Monday, April 24, 2017

Smugglers Notch

Not all travel adventures are far from home. Nearby Smugglers Notch is beautiful any time of year. The road through the Notch is closed in winter, but that makes it a nice place to walk or ski or snowshoe, depending on conditions. Most of the road is clear of snow now, as can be seen in the video of the waterfall at the end of this post, but at the height of land on the road (photo above) there was still plenty of snow today.

The photo below shows the sign at the beginning of the Sterling Pond Trail. While the trail is open in winter, summer and fall, it is closed in the spring until the snow melts and the ground dries out.

King Rock is next to the road a short ways down the Stowe side:

A bronze plaque on the rock, to the right of and above Nancy, says:

King Rock

6000 tons
Fell From the Side of
Mt Mansfield Spring of 1910

Tablet Placed By
Mrs. C.F. Eddy
And Womens Club of Stowe

One of the notable rock formations in Smugglers Notch is the Hunter and His Dog, visible in the photo below:

A prominent feature in the Notch is Elephant's Head:

To my knowledge the best reference on the history of Smugglers Notch is Mansfield: The Story of Vermont's Loftiest Mountain, by Robert L. Hagerman (Essex Publishing Company, 1971):

Chapter 7 is about Smugglers Notch. (There was a second edition of this book, which I don't have, published in 1975.)

The snow was melting everywhere on our walk today, as in this waterfall beside the road on the Cambridge side:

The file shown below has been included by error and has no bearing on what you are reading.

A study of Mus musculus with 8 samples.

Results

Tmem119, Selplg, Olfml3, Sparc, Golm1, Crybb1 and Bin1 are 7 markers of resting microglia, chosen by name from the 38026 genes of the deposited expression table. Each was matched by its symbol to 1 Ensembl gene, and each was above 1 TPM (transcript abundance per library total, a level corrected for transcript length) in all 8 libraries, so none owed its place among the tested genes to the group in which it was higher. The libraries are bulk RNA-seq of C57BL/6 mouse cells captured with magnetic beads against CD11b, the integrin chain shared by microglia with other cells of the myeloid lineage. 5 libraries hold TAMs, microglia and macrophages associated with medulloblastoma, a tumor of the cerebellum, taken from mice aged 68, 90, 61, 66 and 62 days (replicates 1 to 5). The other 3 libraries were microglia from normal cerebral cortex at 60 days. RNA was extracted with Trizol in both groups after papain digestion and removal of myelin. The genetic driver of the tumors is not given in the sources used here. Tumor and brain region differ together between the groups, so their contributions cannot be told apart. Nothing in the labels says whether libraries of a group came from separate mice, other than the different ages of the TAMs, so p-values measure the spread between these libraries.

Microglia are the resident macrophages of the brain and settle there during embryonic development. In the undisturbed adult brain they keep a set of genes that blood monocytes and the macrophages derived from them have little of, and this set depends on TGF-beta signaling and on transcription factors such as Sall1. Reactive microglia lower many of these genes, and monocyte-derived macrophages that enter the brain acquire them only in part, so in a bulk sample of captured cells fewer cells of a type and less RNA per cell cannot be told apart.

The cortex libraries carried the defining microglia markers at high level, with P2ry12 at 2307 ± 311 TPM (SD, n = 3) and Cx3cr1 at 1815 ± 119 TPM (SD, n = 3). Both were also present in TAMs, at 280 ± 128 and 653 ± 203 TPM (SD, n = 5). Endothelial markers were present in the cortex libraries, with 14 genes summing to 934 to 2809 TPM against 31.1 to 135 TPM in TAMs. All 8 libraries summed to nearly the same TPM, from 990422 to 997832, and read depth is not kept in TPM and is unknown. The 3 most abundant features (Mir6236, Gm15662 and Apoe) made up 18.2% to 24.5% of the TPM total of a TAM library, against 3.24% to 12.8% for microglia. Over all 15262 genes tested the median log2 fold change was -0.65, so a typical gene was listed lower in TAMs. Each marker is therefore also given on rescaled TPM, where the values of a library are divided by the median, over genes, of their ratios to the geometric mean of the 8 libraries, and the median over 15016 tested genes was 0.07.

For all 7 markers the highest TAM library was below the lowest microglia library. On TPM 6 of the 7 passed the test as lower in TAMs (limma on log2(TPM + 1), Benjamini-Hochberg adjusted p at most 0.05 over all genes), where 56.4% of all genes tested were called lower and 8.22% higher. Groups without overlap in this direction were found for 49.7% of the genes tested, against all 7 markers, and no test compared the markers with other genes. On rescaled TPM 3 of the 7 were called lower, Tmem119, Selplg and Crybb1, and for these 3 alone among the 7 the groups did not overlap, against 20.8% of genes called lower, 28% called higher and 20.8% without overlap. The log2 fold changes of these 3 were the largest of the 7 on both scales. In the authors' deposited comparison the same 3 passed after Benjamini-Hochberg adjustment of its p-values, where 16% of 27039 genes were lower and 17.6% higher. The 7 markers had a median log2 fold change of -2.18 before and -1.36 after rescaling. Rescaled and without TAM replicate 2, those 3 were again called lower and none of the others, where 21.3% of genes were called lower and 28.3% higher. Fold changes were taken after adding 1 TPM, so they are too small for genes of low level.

Saturday, April 15, 2017

Schoodic Peninsula

Schoodic Peninsula is part of Acadia National Park on the coast of Maine. The main part of Acadia National Park is on Mount Desert Island, accessible by a short bridge from Trenton. The tourist town of Bar Harbor is also on Mount Desert Island. Schoodic Peninsula is only five miles from Bar Harbor as the crow flies, but 42 miles by road. Although it is the only part of Acadia National Park on the mainland, it is a more remote and less visited section of the park.

We visited Schoodic Peninsula today. It was a beautiful, sunny day with few other visitors. The photo below is at Frazer Point:

This photo is at Schoodic Point, indicated by the "You Are Here" arrow on the map below:

Schoodic Peninsula has been part of Acadia National Park since 1929 but it has been significantly upgraded in recent years.

In 2011-15 an anonymous person(s) purchased 3,200 acres adjacent to the then existing park, constructed hiking and biking trails and a campground, and donated it to the park. Click here for a news release about the grand opening of the Schoodic Woods Campground in 2015.

A former Naval station was added to the park in 2002 and renovated into the Schoodic Education and Research Center (SERC), operated jointly by the Schoodic Institute and the National Park Service:

The photo below shows Rockefeller Hall, just one of many buildings at SERC:

In 2000 the 29-mile long Schoodic National Scenic Byway was established. The rest area at the Taunton Bay entrance to the Scenic Byway in Hancock is new:

We had a delightful lunch at the Pickled Wrinkle in Birch Harbor, just outside the park. What is a Pickled Wrinkle?
Pickled Wrinkles are an old Downeast Maine Delicacy. They are large carnivorous sea snails, or whelks, which are pickled and marketed locally as Pickled Wrinkles. Unlike herbivorous periwinkles, which inhabit tidal zones, wrinkles are larger and inhabit areas below the tide line. Lobster fishermen find wrinkles in traps they haul from the ocean floor. In tough times, wrinkles were relied on to help feed Maine families, and pickling was a great way to preserve the protein packed morsels. At the Pickled Wrinkle, we strive to provide guests with local seafood and produce whenever possible. We have a diverse menu that includes local Pickled Wrinkles when available. Try one if you are brave enough!

Alas they did not have any Pickled Wrinkles available for us to try today, but the crab rolls, seafood stew, and craft beers were excellent.